The Paper Chase: How to Organize IEP Documents

Nov. 11, 2020Updated Oct. 7, 2022

Simply put? SAVE. EVERYTHING. Every email. Every piece of homework. Every work sample that comes home. We'll walk you through how to organize it all for your IEP binder.

The first rule of IEP documentation: SAVE EVERYTHING

Every email. Every piece of homework. Every note from the teacher. Every work sample: from school, home, and/or independent therapies. Print everything, even emails to yourself.

We've found it helpful to have two binders: a 3- to 4-inch three-ring binder that will be your master binder (which you'll add to all year long), and a smaller one for your meeting binder (which includes copies of the documents that support your questions and concerns) that you'll bring to the IEP meeting. (We’ll talk more about how to organize your binders here.)

Now that you have your magic binders, it’s time to gather your paperwork (see our checklist of common binder documents here). Write the date of each document on the lower right-hand corner of the page. Arrange everything in chronological order. If you get in the habit of doing this regularly, it only takes a couple of minutes. When classwork comes home (or shows up in Google Classroom), write the date in the corner and pop it in your master binder. Done. Even paperwork that seems inconsequential at the time could be important later.

By putting everything in chronological order, you’re writing a story. Was your child successfully completing double-digit addition in September, yet being assigned the exact same level of homework at the end of the year? Was she unsuccessful at fractions, yet the teaching methods and assignments never changed? Did you send an email asking the school to follow the visual accommodations in the IEP, yet inaccessible work continued to be assigned? This is part of your child’s educational story throughout the year — you will look through it and mark where you have concerns and questions. Those are the pages you should copy and add to your smaller meeting binder to serve as examples during your IEP meeting — but more on that here. While it may seem tedious, take advantage of what you have in hand from school and can show in black and white. The unseen stuff is much harder to access and prove.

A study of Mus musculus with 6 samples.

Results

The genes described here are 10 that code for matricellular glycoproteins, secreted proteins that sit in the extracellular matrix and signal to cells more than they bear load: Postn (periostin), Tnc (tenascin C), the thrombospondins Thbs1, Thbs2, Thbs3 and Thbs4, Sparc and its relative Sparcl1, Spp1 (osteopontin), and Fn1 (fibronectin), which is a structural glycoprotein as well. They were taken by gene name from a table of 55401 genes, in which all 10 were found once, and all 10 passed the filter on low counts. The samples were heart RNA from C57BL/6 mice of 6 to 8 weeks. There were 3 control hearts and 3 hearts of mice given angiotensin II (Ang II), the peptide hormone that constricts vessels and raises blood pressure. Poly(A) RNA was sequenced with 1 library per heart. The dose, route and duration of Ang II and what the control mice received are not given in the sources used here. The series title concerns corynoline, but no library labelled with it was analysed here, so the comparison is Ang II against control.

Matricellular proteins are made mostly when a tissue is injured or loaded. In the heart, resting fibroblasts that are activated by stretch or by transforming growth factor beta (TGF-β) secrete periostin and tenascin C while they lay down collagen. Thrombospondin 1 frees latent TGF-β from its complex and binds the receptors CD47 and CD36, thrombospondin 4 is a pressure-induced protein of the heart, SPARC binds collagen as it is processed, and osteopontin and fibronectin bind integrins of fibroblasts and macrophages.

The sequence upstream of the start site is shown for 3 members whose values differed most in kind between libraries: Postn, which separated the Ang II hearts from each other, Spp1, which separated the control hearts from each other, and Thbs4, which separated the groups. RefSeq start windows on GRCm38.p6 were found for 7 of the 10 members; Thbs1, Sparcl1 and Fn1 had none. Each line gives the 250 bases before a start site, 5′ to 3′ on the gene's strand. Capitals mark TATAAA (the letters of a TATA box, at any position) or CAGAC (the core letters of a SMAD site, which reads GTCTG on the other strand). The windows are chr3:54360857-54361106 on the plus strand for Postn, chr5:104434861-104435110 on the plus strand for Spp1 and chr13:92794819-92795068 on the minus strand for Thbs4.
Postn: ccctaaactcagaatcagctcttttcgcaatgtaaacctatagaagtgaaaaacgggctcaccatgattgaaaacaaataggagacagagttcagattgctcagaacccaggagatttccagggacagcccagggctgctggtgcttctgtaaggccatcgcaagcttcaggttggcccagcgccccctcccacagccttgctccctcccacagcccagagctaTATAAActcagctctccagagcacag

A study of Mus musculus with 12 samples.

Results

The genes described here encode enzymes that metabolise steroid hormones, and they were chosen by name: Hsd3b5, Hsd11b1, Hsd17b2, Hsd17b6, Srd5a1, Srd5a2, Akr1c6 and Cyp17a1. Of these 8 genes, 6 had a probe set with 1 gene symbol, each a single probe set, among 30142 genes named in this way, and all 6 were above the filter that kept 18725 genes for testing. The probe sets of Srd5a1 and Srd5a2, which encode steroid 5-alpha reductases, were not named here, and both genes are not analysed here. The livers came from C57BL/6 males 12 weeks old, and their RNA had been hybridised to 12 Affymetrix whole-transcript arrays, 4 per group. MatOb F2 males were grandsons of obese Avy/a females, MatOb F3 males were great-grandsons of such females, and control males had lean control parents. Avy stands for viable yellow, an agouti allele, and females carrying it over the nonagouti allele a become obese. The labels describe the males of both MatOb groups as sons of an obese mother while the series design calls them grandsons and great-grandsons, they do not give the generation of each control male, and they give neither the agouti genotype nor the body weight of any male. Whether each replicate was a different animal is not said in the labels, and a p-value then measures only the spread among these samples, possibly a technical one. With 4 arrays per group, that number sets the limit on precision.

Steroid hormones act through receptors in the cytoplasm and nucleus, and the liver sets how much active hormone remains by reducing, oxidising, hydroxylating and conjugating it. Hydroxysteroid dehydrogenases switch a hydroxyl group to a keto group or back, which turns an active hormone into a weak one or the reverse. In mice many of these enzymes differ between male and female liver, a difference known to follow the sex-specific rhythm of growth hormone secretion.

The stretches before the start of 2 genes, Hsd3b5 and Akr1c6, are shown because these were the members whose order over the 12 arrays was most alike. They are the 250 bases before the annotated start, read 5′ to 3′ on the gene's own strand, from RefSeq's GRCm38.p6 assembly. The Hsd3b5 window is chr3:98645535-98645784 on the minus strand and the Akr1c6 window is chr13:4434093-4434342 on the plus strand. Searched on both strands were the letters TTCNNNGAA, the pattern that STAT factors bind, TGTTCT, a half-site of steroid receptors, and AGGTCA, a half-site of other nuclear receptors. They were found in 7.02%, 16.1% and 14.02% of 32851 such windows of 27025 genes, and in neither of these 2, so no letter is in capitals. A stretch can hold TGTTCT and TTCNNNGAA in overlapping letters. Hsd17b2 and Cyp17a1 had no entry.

The second rule of IEP documentation: WRITE IT DOWN

You’ll hear this over and over: If it isn’t in writing, it never happened. Summarize every verbal agreement, every conversation, every meeting right after it happens. Start a “communication log” — on paper, in Google Docs, wherever it’s easiest for you — and keep all of your interactions, thoughts, and summaries in one place. You can begin the log by writing a summary after your IEP meeting, or sending a thank-you email to staff, or even an email to yourself. If you have a phone conversation with a staff member, send a summary of what was discussed and agreed or disagreed upon. If you don’t feel a formal follow-up is necessary, send an email to yourself summarizing the call. If you have a casual conversation with the teacher after school, and she tells you about what your child did that day, write it down in an email to yourself. Remember: if you find yourself in a situation where you disagree with the district later on, journal communications to yourself can be used as evidence, even in a due process hearing. Don’t write your feelings in these letters, emails, or journal entries — stick to the facts. The district can argue with your feelings, but they have to answer to the facts.